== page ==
St Giles Cathedral is an iconic and beautiful edifice that holds pride of place on the Royal Mile between the Palace of Holyroodhouse and Edinburgh Castle. Its distinctive crown steeple is one of the most famous profiles of the Edinburgh skyline, and although the present church dates to the 14th century, the spot has been the focus of religious worship for in excess of 900 years.
St Giles Cathedral — Photo courtesy of Colin Smith
Although it is situated right in the heart of the city of Edinburgh, the church is an oasis of calm and serenity and home to some of the most magnificent stained glass windows in Scotland. Regular services continue to be held in this sacred place, as well as regular concerts and choral recitals.
It began life as a medieval burgh kirk (although little evidence of this early building remains) but was transformed into a late Gothic cathedral complete with majestic flying buttresses and an imperious and beautiful crown spire soaring to the heavens. The doorways are deeply set and rich with intricate carvings, and the windows are similarly ornate.
The interior is at once awe-inspiring in its complexity and beautiful in its simplicity. Three vast arcades lead the eye towards the massive stained glass window in the east wall. At the heart of the structure is the sanctuary with the holy table and pulpit, surrounded by four enormous central pillars that may date back as far as the twelfth century.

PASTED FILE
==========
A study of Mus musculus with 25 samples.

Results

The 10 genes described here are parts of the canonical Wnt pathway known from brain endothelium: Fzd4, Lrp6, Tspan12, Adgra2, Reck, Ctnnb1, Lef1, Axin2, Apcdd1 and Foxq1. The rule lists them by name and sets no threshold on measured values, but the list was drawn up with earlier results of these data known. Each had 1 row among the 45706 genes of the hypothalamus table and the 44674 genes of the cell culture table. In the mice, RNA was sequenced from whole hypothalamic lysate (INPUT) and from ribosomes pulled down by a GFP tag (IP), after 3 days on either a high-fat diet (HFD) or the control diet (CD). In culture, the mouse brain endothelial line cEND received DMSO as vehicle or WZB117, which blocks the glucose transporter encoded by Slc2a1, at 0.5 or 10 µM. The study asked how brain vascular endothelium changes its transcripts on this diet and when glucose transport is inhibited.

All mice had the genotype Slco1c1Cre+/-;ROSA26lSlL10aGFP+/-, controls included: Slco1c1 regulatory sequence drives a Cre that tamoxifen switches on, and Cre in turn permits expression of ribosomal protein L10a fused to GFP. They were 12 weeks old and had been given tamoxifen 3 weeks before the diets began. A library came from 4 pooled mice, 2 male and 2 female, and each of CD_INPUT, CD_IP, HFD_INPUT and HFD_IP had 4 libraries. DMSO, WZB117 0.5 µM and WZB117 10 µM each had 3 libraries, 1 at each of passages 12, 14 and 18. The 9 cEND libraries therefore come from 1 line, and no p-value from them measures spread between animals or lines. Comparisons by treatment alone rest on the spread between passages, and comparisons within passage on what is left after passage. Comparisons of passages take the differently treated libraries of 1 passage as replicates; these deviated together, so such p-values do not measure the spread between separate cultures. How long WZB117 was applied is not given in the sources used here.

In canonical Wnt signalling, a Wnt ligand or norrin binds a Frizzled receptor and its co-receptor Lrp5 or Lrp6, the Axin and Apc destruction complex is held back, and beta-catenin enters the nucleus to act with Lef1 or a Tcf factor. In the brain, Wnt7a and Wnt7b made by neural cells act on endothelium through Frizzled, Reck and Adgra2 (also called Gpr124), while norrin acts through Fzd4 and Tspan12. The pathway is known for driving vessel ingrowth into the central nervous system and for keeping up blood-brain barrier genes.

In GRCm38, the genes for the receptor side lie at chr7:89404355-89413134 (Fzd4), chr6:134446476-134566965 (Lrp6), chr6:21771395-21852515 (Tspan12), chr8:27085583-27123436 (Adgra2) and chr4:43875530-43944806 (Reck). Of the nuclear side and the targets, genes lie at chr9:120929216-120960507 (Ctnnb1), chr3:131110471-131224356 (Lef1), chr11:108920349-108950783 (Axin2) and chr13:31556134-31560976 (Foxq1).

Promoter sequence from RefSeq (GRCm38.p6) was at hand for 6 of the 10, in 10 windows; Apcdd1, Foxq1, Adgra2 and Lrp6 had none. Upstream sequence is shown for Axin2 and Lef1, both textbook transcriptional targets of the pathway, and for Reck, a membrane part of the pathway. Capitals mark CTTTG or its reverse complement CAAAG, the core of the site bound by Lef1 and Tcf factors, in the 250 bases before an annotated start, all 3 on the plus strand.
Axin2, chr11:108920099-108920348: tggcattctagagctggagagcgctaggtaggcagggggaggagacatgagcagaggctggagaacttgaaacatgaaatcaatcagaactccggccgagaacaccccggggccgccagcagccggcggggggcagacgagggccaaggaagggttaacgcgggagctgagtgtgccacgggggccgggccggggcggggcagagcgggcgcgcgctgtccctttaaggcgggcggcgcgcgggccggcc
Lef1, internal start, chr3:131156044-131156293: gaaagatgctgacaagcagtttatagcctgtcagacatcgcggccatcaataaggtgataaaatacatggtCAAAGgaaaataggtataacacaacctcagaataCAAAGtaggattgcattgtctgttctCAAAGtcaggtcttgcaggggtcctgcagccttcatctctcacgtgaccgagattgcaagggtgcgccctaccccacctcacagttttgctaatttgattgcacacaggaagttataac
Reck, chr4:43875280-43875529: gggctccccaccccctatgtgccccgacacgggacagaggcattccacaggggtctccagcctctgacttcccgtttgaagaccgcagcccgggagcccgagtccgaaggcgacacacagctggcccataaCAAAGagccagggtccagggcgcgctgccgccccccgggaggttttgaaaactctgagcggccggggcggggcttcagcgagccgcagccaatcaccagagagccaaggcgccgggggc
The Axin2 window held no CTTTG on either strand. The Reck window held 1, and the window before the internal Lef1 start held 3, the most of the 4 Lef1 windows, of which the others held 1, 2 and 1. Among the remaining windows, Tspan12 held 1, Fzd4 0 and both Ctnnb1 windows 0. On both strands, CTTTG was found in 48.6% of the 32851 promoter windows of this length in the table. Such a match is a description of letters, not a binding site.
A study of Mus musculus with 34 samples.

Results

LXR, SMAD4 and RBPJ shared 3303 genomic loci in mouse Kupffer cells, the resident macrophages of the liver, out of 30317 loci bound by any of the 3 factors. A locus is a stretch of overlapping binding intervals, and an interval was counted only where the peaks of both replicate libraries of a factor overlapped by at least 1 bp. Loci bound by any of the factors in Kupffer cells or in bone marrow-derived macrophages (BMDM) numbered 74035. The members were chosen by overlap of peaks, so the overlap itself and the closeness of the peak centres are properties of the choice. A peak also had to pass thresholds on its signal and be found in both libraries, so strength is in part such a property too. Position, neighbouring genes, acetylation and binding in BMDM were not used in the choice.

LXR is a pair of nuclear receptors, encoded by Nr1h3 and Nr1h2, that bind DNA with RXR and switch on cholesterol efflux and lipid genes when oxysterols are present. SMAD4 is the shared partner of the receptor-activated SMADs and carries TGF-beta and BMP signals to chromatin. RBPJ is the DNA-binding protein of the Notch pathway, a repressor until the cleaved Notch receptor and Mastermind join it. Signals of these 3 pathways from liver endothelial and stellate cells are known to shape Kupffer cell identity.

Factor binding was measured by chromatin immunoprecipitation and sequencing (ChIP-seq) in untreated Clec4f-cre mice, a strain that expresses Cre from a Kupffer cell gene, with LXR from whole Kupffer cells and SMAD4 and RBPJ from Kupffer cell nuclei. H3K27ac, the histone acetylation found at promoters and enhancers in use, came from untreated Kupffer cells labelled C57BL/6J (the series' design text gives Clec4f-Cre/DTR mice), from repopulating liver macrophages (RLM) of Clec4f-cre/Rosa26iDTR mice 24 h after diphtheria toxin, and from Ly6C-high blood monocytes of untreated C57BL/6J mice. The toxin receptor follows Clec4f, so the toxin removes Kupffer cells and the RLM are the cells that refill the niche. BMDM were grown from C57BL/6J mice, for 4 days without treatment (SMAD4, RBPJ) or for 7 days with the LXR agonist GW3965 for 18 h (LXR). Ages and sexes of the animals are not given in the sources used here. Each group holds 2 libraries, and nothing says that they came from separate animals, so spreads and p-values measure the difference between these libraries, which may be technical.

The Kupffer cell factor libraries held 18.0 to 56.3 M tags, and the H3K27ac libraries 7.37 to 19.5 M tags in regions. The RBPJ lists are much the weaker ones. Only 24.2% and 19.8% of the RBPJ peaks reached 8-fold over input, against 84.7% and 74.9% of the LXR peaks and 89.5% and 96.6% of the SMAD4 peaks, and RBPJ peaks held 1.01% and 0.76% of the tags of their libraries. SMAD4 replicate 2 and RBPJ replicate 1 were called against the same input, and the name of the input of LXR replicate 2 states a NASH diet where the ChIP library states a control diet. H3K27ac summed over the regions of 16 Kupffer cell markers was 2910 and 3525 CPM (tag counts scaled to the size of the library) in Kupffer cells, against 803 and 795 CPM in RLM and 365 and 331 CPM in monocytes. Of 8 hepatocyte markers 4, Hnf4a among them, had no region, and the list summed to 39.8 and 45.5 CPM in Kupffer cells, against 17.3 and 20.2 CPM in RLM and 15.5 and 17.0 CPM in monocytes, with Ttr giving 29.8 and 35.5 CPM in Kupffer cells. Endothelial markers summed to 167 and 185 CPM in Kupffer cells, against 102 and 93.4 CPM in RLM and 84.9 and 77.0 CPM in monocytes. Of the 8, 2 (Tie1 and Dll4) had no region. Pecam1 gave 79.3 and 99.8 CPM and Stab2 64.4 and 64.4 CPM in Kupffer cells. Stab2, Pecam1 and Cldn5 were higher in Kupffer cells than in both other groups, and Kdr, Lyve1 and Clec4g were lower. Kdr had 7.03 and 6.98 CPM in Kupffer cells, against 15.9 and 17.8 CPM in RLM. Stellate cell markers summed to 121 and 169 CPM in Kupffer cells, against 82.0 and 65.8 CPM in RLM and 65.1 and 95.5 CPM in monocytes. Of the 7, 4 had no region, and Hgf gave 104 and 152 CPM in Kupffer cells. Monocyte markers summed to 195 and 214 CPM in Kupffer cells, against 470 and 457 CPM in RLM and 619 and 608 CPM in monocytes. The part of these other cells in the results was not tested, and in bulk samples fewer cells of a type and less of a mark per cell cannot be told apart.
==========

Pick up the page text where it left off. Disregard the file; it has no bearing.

Since the 14th century a number of chapels (or aisles) have been added, contributing to its charmingly idiosyncratic layout. Each aisle is associated with a noble family or person of interest in Scottish history, and they all have a tale to tell.
Worthy of special mention is the Thistle Chapel, dedicated to Scotland’s foremost Order of Chivalry, the most ancient and most noble order of the Thistle. This wonderful example of high Gothic architecture features sixteen bays – one for each of the Knights of the Thistle (and three additional stalls for the sovereign and two other members of the royal family).
Each stall is topped by intricately carved canopies featuring the helm and crest of each knight. When a knight dies, their crest is placed on the back of the stall (so that they form a permanent record of the order) and the crest of their replacement is added to the canopy.
St Giles is sometimes referred to as the 'Mother Church of Presbyterianism.' During the Scottish Reformation, the firebrand preacher John Knox was the minister of St Giles and his remains were buried in the churchyard (now a parking lot!). He is depicted in a stained glass window on the south wall and an exquisite bronze statue of the revolutionary speaker stands in the west end of the kirk.
The church also contains memorials to Robert Louis Stevenson, Robert Burns and two hundred other distinguished Scots, along with altars to the 14 trade guilds of the city.
Entry is free, although there is a suggested donation of £3 per visitor. You’ll find volunteer guides on hand to answer questions, and there’s a shop for anyone wanting to pick up a souvenir.